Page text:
January, 2015…

It occurred to me when I was compiling my Best Of list for 2014 that I’d forgotten everything good I’d seen and read from January to June.  Turns out I have major short and medium term memory loss.  So! My only new year’s resolutions for 2015 are as follows:

  1. eat more fish
  2. drink less like a fish
  3. read and watch more (good) stuff
  4. and write it down shortly after it happens

Worthwhile stuff so far:

Birdman – had a row with my mate Dave about this.  He said it was empty and vacuous and went nowhere.  Even if that were true, (which I don’t think it is) it does so with such originality and energy and style, and did I mention?  I LOVE ED NORTON. Always have and I guess I always will.

Kick-Ass (I know I’m very late to the party on this one, but thank heavens for Amazon Prime free trial month!  Making day two of no booze endurable.)

Babylon – Channel 4.  I always find out about good stuff 2 minutes before it’s about to come offline, so have had to speedwatch this, but it’s bloody brilliant.

Transparent – on Amazon Prime, with the brilliant Amy Landecker.  Most excellent use of Leonard Cohen song in episode 9.

Whiplash – Oh my goodness, I loved this film.  If you’d pitched it to me (boy wants to be best drummer evah, comes up against brutal / sadistic band leader) I might have thought: meh, not for me.  But oh my: so for me, and for you!  A super simple story, extraordinary acting, awesome music: utterly mesmeric.

I also saw Bull at The Young Vic – a short, brutal play, starring the lovely Neil Stuke – also about bullying (this time set in an office, though actually staged in a boxing ring at the theatre.)  Really quite painful watching bullying so close up – it makes you feel complicit, and dirty, and not in a good way.  Go see it, and then be much nicer to the person at work you really don’t like.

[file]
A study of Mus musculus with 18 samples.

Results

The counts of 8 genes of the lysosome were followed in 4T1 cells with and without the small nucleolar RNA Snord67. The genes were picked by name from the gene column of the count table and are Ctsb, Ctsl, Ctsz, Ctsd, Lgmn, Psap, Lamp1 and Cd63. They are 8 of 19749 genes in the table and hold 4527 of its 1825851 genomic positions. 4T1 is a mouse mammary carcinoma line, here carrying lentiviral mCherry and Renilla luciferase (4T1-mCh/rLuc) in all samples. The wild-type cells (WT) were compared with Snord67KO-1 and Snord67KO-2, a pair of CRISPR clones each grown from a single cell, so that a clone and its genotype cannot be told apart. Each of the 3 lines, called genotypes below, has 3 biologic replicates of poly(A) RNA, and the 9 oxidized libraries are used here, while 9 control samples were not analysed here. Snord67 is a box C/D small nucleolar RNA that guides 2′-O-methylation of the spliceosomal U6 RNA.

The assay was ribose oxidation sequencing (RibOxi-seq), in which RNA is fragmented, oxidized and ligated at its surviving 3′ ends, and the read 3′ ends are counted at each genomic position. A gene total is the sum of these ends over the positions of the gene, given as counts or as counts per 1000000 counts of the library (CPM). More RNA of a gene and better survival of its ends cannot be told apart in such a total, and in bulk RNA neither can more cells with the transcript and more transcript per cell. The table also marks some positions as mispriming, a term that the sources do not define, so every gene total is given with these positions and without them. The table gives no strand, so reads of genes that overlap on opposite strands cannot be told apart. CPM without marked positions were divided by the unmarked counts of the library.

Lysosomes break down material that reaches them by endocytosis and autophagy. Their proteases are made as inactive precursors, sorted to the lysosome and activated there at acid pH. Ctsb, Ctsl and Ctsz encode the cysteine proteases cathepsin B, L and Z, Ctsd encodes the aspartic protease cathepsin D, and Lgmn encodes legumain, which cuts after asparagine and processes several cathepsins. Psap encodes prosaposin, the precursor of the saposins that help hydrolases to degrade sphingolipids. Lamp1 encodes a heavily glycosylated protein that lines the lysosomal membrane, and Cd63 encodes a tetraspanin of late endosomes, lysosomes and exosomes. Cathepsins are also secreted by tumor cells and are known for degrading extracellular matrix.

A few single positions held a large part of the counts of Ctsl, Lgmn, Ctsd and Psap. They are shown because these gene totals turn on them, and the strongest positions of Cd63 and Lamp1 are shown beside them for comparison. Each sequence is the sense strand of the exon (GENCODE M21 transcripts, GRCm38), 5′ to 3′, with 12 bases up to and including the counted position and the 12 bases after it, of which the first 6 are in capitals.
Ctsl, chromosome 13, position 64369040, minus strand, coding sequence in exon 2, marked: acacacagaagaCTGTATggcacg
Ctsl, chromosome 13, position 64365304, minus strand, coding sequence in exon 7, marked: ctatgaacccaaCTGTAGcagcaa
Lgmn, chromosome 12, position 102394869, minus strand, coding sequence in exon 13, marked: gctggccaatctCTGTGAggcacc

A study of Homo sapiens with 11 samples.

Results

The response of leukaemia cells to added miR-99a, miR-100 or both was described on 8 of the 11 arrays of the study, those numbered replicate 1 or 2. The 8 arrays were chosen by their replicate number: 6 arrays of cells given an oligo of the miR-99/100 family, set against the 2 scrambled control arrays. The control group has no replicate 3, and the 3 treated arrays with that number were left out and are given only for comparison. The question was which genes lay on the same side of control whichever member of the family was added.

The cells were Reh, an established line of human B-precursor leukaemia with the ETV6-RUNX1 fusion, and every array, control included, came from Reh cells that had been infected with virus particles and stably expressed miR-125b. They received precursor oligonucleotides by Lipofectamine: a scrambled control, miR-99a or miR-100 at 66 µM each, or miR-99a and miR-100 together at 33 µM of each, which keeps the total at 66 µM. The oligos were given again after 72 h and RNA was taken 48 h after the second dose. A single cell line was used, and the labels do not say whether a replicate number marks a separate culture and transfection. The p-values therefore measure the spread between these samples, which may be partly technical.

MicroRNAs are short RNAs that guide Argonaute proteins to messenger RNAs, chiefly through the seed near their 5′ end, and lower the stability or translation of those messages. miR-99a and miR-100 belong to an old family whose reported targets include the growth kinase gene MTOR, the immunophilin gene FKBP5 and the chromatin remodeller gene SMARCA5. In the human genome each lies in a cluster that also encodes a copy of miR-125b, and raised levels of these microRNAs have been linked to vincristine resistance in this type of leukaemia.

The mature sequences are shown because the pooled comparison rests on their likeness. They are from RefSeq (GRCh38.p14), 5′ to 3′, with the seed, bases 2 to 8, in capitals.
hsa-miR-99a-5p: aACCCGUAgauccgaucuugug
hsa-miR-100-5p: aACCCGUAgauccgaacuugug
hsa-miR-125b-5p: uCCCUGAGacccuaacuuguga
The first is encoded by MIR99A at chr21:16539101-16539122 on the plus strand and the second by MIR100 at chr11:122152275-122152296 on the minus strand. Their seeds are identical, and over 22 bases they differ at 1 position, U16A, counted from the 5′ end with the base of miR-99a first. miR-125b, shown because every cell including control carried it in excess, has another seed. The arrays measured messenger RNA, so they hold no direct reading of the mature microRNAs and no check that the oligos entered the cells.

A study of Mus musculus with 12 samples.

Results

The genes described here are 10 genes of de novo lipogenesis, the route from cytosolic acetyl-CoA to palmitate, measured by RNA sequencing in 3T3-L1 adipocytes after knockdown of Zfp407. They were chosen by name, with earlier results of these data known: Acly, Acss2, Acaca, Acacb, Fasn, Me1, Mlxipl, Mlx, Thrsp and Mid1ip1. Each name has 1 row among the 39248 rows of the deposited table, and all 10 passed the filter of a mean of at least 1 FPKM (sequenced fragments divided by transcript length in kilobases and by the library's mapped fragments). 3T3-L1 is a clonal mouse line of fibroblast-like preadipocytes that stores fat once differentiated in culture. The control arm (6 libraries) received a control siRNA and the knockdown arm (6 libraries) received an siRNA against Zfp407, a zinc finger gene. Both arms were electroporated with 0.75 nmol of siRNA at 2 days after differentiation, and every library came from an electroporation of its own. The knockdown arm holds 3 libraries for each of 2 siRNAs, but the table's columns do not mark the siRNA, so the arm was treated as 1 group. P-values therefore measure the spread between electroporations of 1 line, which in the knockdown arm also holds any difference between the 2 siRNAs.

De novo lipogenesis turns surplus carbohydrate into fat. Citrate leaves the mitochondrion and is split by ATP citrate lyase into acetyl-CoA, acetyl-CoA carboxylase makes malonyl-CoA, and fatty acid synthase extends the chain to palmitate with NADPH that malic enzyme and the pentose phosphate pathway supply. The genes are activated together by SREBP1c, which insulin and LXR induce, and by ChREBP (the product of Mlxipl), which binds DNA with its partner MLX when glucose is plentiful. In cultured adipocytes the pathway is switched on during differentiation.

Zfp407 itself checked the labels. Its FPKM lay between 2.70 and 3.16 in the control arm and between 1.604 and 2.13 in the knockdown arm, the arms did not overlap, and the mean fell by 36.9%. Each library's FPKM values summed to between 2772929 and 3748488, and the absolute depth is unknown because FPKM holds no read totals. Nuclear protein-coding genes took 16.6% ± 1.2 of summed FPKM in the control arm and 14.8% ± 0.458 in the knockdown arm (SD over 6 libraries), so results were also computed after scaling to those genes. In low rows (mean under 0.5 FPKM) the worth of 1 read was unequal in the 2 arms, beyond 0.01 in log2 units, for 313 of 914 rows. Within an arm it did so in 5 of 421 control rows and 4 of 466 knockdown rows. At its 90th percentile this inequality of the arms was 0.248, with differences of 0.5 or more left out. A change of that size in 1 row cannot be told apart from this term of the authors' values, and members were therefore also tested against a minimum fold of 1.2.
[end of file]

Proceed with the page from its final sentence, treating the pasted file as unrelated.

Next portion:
Wolf Hall – I’m reserving judgement.  Rylance is as ever fantastic, and Claire Foy is mesmerisingly unpleasant – but Wolf Hall and Bring Up The Bodies are two of the greatest English language books of the 21st Century, and I wouldn’t say they’re translating in all their glory (but then again, so much of the brilliance of that book is, I’d wager, untranslatable onto screen.)

(Incidentally, anyone who puts Junot Diaz above Hilary Mantel or Marilynne Robinson in a list such as this


is clearly doing it to be controversial and doesn’t mind being utterly wrong.)

Night Will Fall – a Channel 4 documentary about a documentary about The Holocaust.  Without a doubt the most horrific, grotesque footage you will ever see.  Unbearable to watch but essential viewing if you have any interest at all in history, or what people are capable of.

Nebraska – I’d relegated this Alexander Payne film to low priority as I thought the Clooney / Hawaii film he directed was over-hyped – but this is just such a gem.  Funny, heartbreaking, beautifully observed and beautiful to look at. Bruce Dern’s performance is magnificent.


A mixed bunch this month: finally got round to The Fault In Our Stars by John Green, and the new Marian Keyes The Woman Who Stole My Life. And How Fiction Works by James Wood, Levels of Life by Julian Barnes, A Lovely Way To Burn by Louise Welsh, and just starting A Place Called Winter by Patrick Gale – so far so very good.